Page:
As social equality for the LGBTQ community progresses, so too does equality in the fashion world. The industry has often appeared to provide a level playing field for those who identify as LGBTQ and, this past year, the Fashion Institute of Technology opened one if its special exhibitions centered around fashion in the LGBTQ community, A Queer History of Fashion.
However, this acceptance has not always been the case and traces of bias are still evident today with only a handful of lesbian, bisexual and transgender-identified figures working in fashion business. And, while many battles have been won throughout the years, the war against LGBTQ discrimination in fashion is still a major problem.
While many may fantasize about the old stereotype of gay men ruling the fashion world, there is very little representation of other sexual and gender identities aside from gay and straight. Lesbian, bisexual and transgender people have had an influence within the fashion world — Coco Chanel was said to have had many sexual partners of both sexes and designer Margaret Cho is openly bisexual. This small display is nothing compared to the endless list of gay male figures within the fashion industry, including designers Michael Kors, Alexander McQueen and Marc Jacobs.
In the world of modeling, advances were made this past season as several transgender models were hired for major runway shows. Donna Karan displayed one of the most diverse casts of models with openly pansexual rapper Angel Haze, transgender performer Juliana Huxtable and the androgynous model Andrej Pejic. Her decision to cast these individuals among a variety of others showcased an appreciation and acceptance of the LGBTQ presence and talent in fashion that has rarely been recognized. Also paving the way for the transgender community is Brazilian model Lea T. who was featured in Givenchy’s haute couture show as well as the brand’s ad campaign. She has been a standout figure for transgender people all over the world while also proving that anyone can achieve their dreams, regardless of sexual orientation or gender expression.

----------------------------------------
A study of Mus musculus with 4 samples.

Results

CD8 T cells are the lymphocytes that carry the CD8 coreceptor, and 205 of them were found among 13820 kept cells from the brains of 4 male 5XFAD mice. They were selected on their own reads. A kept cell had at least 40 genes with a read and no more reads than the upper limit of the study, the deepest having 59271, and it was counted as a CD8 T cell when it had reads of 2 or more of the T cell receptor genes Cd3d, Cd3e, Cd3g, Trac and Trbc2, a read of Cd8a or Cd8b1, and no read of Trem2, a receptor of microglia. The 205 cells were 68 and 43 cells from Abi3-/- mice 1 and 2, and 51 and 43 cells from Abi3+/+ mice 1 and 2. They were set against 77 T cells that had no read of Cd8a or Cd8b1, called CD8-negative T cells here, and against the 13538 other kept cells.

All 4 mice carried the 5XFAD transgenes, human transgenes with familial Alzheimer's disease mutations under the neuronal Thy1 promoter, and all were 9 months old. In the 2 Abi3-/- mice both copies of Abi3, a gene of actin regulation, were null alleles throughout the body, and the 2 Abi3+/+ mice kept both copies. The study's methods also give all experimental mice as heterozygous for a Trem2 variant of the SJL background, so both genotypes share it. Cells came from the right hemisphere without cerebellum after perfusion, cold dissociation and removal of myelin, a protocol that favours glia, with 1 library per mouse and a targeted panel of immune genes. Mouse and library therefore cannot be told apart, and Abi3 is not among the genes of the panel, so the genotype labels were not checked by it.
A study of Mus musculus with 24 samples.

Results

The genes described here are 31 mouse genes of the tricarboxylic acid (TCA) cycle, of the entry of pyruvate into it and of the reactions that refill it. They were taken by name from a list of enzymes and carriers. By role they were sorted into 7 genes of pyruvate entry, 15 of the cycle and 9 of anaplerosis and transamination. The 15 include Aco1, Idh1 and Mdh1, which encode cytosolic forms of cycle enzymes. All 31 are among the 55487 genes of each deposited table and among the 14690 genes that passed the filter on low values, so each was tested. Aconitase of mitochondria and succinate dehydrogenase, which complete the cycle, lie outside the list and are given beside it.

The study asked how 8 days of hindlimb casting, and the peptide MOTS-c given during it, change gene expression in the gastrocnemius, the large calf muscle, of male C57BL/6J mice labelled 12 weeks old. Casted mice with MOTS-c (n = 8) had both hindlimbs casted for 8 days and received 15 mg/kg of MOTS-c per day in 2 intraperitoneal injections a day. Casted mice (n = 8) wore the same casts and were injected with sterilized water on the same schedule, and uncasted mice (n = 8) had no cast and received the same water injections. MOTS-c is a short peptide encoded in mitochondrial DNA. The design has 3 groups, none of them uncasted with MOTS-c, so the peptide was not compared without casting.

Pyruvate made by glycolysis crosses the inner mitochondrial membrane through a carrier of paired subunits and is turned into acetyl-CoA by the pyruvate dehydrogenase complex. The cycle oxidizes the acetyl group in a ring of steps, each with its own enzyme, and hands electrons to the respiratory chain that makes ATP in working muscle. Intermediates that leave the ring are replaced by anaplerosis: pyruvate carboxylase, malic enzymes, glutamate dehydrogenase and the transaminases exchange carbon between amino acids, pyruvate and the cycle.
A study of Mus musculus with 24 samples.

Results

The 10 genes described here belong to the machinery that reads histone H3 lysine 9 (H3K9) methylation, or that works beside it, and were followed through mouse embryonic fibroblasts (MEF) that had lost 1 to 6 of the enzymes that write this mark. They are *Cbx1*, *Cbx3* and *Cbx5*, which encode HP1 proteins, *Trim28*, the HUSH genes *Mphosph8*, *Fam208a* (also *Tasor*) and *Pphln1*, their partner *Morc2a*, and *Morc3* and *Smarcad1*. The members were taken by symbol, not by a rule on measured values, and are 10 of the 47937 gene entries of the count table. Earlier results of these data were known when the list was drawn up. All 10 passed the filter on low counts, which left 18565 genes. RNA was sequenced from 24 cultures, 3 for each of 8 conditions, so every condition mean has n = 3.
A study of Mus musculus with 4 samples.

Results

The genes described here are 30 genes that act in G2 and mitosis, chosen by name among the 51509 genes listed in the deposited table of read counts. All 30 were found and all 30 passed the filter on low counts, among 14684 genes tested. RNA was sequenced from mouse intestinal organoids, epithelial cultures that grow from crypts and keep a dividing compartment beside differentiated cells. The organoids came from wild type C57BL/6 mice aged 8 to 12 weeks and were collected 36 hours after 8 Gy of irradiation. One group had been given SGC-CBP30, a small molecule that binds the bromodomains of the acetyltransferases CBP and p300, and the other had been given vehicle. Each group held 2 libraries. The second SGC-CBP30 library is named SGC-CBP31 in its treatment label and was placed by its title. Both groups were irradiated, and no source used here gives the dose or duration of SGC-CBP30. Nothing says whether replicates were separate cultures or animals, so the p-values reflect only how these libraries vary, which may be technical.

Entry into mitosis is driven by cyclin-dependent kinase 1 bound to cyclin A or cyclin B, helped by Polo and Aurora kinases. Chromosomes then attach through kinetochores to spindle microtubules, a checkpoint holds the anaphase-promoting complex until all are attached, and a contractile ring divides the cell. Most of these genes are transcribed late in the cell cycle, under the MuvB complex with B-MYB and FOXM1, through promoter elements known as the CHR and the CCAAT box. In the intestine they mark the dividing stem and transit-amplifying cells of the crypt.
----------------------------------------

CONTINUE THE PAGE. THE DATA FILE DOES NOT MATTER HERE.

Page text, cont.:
These instances of broader LGBTQ support are definitely influential, but we must not be too quick to trivialize the evident problem with these small examples. While it is astounding that society has come as far as it has to accept and support the LGBTQ community in fashion, the mere fact that such instances of LGBTQ support gain large media publicity proves that a post-closet era has not begun, nor will it begin until real change is implemented.
This change does not include more occasional displays of the token gay, lesbian, bisexual or transgender person. This change only becomes real the moment gay, lesbian, bisexual or transgender figures becomes part of the norm. By making LGBTQ people a minority within the world of fashion, a construction of a heterosexual norm has been presented and perpetuated. Therefore, while it is uplifting to reflect on the present progress made, it is time to look ahead at making a brighter future for all members of the community.
David Bologna is a staff writer. Email him at firstname.lastname@example.org.